Comparison of intraosseous versus arterial and venous blood sampling


Abstract:

BACKGROUND: Intraosseous (IO) access is often indicated for administration of drugs and fluids in emergencies when venous access is challenging. There is no consensus regarding whether and which laboratory analyses may be performed on IO aspirates, and research on hemodynamically unstable subjects is limited.

METHODS: Twelve anesthetized pigs were sampled from IO, venous, and arterial accesses during stable circulation and after hemorrhage corresponding to 20% and 40% of the blood volume. Samples were analyzed for blood gases and acid-base status, electrolytes, hematocrit, creatinine, glucose, alanine aminotransferase (ALT), aspartate aminotransferase (AST), γ-glutamyltransferase (γ-GT), alkaline phosphatase (ALP), and creatine kinase (CK).

RESULTS: Average differences of blood gases and acid-base parameters, sodium, creatinine, hematocrit, ALT, and γ-GT and between IO and venous samples were small at baseline and after hemorrhage while differences for lactate and glucose increased with hypovolemia. Both IO-arterial and venoarterial differences in acid-base parameters increased with hypovolemia. Dispersions of differences were often large.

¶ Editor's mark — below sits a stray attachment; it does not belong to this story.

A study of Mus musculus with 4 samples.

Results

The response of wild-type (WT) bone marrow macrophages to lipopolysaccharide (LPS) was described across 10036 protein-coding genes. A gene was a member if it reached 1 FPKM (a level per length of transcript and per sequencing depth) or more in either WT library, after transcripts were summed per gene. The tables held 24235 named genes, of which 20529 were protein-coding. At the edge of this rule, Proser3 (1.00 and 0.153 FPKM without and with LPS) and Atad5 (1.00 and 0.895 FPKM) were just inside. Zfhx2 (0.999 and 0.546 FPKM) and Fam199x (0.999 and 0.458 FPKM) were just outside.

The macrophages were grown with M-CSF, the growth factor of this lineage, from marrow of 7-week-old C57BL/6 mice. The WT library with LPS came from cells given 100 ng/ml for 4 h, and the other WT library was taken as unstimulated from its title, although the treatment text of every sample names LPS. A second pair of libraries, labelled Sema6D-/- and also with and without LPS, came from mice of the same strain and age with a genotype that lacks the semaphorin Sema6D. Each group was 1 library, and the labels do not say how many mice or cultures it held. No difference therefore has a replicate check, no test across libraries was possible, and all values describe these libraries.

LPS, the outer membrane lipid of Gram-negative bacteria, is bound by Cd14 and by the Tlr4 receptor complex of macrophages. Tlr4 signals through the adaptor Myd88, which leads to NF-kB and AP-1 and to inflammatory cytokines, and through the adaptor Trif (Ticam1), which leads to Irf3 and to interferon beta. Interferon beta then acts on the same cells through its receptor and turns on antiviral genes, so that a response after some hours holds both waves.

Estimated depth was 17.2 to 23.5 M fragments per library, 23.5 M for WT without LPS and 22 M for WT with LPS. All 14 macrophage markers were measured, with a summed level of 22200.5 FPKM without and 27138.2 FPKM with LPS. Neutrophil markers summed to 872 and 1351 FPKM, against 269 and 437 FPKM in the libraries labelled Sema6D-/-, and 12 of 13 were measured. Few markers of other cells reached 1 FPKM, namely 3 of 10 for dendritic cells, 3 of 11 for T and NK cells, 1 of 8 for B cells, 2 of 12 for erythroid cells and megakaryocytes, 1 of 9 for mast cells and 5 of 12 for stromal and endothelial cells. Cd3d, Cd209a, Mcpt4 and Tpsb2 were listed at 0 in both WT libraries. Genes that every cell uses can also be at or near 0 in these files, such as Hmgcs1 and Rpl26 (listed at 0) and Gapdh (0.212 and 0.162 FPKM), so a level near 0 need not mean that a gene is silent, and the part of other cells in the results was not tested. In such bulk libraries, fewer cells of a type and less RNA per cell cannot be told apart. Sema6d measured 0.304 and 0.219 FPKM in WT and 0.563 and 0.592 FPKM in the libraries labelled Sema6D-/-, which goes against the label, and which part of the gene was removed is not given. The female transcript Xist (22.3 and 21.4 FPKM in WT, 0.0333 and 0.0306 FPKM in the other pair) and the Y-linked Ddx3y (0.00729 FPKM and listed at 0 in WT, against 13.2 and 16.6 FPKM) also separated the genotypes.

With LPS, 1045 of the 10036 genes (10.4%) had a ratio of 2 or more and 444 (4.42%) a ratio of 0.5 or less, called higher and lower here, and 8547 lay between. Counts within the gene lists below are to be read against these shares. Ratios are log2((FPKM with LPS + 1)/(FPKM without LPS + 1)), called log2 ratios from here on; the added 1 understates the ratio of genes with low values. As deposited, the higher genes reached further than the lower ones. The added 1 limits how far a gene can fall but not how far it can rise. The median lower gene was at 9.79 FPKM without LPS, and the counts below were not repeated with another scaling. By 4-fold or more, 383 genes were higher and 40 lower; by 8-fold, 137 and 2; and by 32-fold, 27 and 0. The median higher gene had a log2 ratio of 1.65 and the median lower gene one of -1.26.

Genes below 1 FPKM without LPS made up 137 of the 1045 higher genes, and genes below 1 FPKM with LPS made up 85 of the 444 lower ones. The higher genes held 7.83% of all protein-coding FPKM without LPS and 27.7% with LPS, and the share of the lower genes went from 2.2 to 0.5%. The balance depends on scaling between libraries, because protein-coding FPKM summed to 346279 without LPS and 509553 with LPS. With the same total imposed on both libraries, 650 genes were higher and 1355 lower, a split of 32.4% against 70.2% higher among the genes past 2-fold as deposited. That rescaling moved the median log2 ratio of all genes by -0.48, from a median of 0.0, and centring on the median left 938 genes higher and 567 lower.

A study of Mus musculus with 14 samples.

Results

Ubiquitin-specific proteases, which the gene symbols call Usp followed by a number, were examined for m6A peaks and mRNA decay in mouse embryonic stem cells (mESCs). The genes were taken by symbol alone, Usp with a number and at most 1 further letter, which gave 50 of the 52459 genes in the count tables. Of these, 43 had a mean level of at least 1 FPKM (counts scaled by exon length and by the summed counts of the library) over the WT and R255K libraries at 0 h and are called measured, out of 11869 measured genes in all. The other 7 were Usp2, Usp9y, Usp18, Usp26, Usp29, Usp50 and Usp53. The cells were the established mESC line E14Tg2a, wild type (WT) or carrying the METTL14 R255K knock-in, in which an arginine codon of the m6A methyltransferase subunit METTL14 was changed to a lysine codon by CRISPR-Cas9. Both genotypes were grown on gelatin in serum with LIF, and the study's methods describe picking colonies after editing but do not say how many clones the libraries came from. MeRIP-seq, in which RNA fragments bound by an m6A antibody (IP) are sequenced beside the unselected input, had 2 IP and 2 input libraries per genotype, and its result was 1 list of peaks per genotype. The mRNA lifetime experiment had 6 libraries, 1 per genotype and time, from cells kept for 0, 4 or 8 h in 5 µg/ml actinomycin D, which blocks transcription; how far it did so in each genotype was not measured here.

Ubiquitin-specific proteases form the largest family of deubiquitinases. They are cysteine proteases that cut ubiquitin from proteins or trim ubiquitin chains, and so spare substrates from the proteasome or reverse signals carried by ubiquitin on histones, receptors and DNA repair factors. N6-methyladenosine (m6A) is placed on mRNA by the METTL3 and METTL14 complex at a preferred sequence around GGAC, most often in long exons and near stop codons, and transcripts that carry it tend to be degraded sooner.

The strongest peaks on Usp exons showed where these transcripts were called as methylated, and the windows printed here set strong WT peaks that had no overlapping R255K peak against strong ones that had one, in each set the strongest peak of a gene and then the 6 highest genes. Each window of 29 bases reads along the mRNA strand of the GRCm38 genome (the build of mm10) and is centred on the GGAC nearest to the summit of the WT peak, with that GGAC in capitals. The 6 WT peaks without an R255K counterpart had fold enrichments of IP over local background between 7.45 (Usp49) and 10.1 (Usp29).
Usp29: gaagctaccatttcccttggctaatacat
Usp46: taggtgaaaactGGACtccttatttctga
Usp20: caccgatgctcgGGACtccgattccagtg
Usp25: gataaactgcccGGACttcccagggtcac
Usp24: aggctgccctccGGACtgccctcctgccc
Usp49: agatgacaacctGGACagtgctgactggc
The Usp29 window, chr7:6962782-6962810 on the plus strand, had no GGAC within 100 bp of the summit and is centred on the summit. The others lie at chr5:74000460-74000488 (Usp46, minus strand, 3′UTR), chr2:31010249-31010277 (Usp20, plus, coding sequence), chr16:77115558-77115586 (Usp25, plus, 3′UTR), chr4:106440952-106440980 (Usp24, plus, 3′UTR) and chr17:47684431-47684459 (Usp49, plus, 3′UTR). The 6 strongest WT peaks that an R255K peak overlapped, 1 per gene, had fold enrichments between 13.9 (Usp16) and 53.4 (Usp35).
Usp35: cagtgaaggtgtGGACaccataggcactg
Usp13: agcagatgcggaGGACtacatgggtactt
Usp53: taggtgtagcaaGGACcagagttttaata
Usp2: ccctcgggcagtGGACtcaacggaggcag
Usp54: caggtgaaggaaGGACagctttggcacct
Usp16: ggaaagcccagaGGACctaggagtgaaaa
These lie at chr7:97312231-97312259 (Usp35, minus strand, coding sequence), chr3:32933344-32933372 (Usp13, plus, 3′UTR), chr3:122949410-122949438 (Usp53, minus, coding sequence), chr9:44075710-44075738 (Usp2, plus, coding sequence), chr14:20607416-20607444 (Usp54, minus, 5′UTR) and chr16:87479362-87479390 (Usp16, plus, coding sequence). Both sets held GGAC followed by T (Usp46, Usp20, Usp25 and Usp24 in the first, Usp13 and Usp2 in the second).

CONCLUSIONS: Average levels of blood gases, acid base parameters, hematocrit, CK, AST, γ-GT, creatinine, and ALT, but not lactate and glucose, were similar in IO and venous samples in hypovolemia. However, precision was limited, indicating that IO test results should be confirmed when other vascular access is established, and that analysis of IO samples should be limited to acute situations and not used for detailed diagnostics in this setting.


Strandberg, G., Larsson, A., Lipcsey, M. and Eriksson, M. (2019) Comparison of Intraosseous, Arterial, and Venous Blood Sampling for Laboratory Analysis in Hemorrhagic Shock. Clinical Laboratory. 65(7). doi: 10.7754/Clin.Lab.2019.181214.